But April 2013's convergence of events is extremely rare, statisticians say.
Such calculations are based on the likelihood of each individual tragedy, said Michael Baron, a professor of statistics at the University of Texas at Dallas.
Baron has no actual data on how often this week's events have separately occurred throughout history. But he estimated that if a terrorist attack occurs once every four years, a suspicious mailing once per year and an industrial accident twice per year, there is a .000004 probability of them all happening in the same week — "once in 4,808 years."
Such absurd odds were too much for the satirical publication The Onion to resist.
The Onion "report" offered this "quote": "'Maybe next time we have a week, they can try not to pack it completely to the (expletive) brim with explosions, mutilations, death, manhunts, lies, weeping, and the utter uselessness of our political system,' said basically every person in America who isn't comatose or a complete sociopath.'"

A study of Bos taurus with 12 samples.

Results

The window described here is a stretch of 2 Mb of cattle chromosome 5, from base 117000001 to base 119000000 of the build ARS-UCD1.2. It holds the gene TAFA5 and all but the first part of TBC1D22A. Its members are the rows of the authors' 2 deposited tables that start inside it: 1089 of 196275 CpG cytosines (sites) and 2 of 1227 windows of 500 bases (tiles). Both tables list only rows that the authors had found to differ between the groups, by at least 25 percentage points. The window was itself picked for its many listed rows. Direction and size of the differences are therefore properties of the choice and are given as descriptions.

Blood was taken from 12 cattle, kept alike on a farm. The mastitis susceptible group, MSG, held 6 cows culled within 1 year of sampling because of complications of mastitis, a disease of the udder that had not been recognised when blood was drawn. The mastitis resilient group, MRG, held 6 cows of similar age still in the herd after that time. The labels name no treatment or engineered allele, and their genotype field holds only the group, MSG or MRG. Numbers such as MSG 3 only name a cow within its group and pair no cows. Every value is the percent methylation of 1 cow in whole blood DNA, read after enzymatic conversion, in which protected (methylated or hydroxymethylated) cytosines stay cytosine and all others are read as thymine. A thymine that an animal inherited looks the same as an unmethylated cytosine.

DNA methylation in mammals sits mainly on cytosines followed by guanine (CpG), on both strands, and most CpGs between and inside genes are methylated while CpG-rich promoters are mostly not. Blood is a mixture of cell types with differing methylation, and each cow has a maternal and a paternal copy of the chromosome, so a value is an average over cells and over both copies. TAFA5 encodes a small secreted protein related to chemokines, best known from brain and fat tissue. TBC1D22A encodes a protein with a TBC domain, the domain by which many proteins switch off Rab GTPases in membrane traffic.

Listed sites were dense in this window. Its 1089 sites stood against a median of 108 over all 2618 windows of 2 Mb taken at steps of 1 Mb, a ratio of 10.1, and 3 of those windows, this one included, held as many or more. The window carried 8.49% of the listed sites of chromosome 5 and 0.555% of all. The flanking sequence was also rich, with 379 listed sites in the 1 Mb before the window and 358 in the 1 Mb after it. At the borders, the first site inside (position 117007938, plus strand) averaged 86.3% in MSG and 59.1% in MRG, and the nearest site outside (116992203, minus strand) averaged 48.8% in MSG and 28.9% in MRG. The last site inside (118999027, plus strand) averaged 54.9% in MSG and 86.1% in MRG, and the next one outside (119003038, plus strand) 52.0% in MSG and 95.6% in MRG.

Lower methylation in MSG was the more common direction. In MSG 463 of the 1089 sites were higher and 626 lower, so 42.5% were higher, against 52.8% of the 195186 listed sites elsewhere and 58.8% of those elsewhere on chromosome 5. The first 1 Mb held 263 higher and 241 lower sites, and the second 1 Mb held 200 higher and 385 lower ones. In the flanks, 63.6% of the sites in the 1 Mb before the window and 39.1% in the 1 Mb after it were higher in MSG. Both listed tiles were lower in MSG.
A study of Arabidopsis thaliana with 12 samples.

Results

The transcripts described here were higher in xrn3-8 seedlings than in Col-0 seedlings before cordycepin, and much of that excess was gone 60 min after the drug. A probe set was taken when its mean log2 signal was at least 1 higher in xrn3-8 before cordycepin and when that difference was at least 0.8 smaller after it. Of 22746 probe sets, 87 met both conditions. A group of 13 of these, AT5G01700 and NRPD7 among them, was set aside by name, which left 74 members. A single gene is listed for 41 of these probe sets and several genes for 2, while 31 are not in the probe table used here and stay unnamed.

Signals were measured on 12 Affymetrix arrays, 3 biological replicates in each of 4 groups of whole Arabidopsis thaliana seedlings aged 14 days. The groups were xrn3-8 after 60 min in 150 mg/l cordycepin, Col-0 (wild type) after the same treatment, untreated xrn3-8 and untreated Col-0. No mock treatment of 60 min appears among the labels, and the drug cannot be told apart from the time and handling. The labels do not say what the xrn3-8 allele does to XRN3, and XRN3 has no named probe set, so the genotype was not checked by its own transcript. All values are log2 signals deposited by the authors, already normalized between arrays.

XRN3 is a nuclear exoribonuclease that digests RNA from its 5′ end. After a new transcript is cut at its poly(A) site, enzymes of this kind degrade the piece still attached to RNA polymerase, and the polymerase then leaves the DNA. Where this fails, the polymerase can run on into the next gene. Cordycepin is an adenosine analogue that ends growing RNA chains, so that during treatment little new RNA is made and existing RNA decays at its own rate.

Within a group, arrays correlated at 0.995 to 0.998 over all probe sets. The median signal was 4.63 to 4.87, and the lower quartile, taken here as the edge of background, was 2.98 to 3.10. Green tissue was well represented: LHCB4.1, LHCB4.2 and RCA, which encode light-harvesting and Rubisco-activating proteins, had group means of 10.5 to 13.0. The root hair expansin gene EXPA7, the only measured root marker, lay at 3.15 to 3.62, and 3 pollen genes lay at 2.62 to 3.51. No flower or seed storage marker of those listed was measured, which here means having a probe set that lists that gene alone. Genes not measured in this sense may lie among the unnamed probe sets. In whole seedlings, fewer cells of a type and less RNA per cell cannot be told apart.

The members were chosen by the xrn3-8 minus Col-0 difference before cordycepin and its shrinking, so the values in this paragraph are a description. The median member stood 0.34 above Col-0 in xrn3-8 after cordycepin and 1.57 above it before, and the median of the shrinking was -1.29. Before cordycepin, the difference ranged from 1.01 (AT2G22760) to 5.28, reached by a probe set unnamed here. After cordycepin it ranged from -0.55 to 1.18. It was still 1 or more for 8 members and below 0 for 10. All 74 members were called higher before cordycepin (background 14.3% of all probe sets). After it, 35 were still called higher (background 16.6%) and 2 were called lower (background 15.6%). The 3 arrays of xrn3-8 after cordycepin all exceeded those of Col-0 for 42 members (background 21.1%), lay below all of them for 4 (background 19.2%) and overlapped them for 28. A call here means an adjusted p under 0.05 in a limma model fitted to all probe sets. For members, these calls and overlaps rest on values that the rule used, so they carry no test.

The week was no joke for Mary Helen Gillespie, a bank vice president who lives near Boston. When she saw news of the Texas explosion, "I got sick to my gut."
"If we were to look at a map of the United States right now — our country is strong and proud and brave and we will win. But if you look at a map, we are bleeding," Gillespie said.
"The world is upside down," she said. "Facebook can't keep up with it, TV can't keep up with it. It's just overwhelming."
"What I found was hope in prayer," Gillespie said. "The more the media started reporting on the stories of hope, the heroes, the first responders, the everyday Americans going out trying to save others. That was my inspiration. It was, OK, this will get better."